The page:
Khalid al-Buainain, senior vice-president for refining at Aramco, has said that financing the projects through borrowing in a tight credit market will be a challenge, but the long-term economic viability of the two refineries remains positive.
“Because of the uncertain nature of the global financial crisis, it is really too early to tell what sort of fallout there will be for the funding of these projects,” said Al-Buainain, in a speech to the Saudi branch of the Society of Petroleum Engineers on 26 October.
Costs on the Jubail complex have soared to more than $10bn, while the cost of Yanbu is understood to have doubled to $12-13bn (MEED 18:4:08).
Earlier in 2008, Aramco confirmed that Total and ConocoPhillips had been selected as Aramco’s joint venture partners on the two 400,000-barrel-a-day (b/d) facilities on the Gulf and Red Sea coasts.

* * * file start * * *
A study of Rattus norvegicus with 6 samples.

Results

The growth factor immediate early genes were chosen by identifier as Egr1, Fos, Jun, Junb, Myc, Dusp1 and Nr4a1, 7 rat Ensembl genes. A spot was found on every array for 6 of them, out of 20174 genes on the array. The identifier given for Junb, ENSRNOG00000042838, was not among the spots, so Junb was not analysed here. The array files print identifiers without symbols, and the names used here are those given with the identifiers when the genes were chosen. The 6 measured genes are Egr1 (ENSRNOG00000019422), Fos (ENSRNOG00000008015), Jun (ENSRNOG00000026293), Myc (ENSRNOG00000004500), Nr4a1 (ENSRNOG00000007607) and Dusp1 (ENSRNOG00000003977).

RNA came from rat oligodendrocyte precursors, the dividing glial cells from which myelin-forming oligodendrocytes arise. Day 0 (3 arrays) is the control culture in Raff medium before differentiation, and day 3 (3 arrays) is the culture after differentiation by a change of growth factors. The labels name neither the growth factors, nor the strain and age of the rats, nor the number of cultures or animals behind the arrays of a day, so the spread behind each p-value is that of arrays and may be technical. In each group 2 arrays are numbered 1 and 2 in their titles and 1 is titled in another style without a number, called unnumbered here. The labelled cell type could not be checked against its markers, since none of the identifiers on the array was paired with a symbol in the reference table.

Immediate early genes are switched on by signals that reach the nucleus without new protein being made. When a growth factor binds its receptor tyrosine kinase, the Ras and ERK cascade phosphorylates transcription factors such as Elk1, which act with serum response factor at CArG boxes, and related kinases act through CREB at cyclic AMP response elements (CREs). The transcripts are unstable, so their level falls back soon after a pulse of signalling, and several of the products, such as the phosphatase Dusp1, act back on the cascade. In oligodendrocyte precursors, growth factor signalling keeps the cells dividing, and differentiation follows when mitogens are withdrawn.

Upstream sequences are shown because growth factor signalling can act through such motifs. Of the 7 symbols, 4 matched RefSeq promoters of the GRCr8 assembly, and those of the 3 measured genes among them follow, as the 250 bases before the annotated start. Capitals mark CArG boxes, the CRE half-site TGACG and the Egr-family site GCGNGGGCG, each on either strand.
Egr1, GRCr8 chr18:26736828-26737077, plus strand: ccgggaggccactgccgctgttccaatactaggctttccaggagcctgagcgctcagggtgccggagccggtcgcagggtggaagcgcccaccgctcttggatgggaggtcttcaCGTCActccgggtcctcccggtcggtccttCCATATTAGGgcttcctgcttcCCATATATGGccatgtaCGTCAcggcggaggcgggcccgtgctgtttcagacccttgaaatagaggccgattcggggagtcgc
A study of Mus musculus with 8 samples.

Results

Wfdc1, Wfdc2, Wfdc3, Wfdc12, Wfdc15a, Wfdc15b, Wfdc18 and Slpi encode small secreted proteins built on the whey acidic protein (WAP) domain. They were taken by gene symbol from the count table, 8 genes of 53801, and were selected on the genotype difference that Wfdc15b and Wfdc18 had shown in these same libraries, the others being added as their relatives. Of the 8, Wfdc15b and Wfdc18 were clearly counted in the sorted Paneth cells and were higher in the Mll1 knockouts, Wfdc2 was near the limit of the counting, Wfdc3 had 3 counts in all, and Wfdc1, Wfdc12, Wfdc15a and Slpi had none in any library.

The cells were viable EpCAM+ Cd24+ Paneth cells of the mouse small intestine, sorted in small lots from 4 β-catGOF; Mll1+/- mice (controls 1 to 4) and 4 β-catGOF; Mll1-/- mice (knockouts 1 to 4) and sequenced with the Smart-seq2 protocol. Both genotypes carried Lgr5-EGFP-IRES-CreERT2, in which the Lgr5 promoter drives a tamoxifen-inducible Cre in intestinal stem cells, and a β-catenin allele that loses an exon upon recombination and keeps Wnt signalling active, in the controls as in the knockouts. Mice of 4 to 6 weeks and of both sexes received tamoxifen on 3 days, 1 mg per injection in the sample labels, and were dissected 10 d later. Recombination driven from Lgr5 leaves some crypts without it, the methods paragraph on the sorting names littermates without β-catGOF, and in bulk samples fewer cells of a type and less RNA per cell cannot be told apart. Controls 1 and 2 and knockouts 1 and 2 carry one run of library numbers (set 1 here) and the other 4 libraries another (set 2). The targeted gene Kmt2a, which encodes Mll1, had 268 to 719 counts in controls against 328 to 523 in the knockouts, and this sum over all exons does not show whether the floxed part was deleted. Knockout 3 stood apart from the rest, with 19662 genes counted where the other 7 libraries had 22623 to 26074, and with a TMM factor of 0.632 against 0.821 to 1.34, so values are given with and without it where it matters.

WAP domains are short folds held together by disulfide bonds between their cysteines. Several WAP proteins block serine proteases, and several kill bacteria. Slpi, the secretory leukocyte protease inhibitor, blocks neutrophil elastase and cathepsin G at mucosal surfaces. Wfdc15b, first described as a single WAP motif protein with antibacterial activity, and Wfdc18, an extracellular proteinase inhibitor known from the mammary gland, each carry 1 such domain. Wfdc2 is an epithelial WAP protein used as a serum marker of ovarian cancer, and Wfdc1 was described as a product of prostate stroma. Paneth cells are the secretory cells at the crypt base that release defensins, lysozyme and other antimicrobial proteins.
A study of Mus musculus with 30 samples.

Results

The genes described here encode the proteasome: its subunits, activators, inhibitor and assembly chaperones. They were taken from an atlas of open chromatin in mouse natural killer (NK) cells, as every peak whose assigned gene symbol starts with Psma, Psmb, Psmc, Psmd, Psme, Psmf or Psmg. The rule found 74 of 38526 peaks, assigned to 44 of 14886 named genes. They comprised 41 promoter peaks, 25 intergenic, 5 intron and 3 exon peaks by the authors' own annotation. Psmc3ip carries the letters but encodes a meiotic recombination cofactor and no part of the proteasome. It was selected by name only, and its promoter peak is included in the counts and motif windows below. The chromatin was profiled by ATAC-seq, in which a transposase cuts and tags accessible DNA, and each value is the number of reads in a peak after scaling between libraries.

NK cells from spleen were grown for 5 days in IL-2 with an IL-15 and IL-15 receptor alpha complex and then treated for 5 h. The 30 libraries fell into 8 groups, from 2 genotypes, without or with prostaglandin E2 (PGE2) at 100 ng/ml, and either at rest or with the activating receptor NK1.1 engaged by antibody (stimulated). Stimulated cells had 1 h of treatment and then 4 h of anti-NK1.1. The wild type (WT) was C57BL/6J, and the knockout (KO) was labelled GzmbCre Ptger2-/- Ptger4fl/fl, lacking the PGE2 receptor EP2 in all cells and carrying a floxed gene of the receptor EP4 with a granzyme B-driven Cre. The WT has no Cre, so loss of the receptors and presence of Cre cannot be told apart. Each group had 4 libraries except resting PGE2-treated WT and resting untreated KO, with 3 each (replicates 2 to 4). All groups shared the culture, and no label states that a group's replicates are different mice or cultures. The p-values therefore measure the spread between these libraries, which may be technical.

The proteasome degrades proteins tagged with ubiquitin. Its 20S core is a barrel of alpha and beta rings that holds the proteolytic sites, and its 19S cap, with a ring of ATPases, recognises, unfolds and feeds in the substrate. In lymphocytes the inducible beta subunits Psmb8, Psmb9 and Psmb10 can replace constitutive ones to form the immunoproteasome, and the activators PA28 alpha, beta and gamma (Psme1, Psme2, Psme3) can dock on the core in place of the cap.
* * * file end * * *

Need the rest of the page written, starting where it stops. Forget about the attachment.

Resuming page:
Al-Buainain said that declining commodity prices and an easing of labour shortages will reduce the estimated costs of the two projects.
“Short-term project economics may actually benefit from the current financial turmoil and companies with a lot of cash will come ahead,” he said.
He added that Aramco’s long-term business model means the impact of short-term market changes will have little effect on the company’s project portfolio.
“In fact, given the long lead-times involved in petroleum industry projects, we may actually be poised to catch the bounce as the global economy recovers, energy demand picks up and our new facilities come on stream,” he said.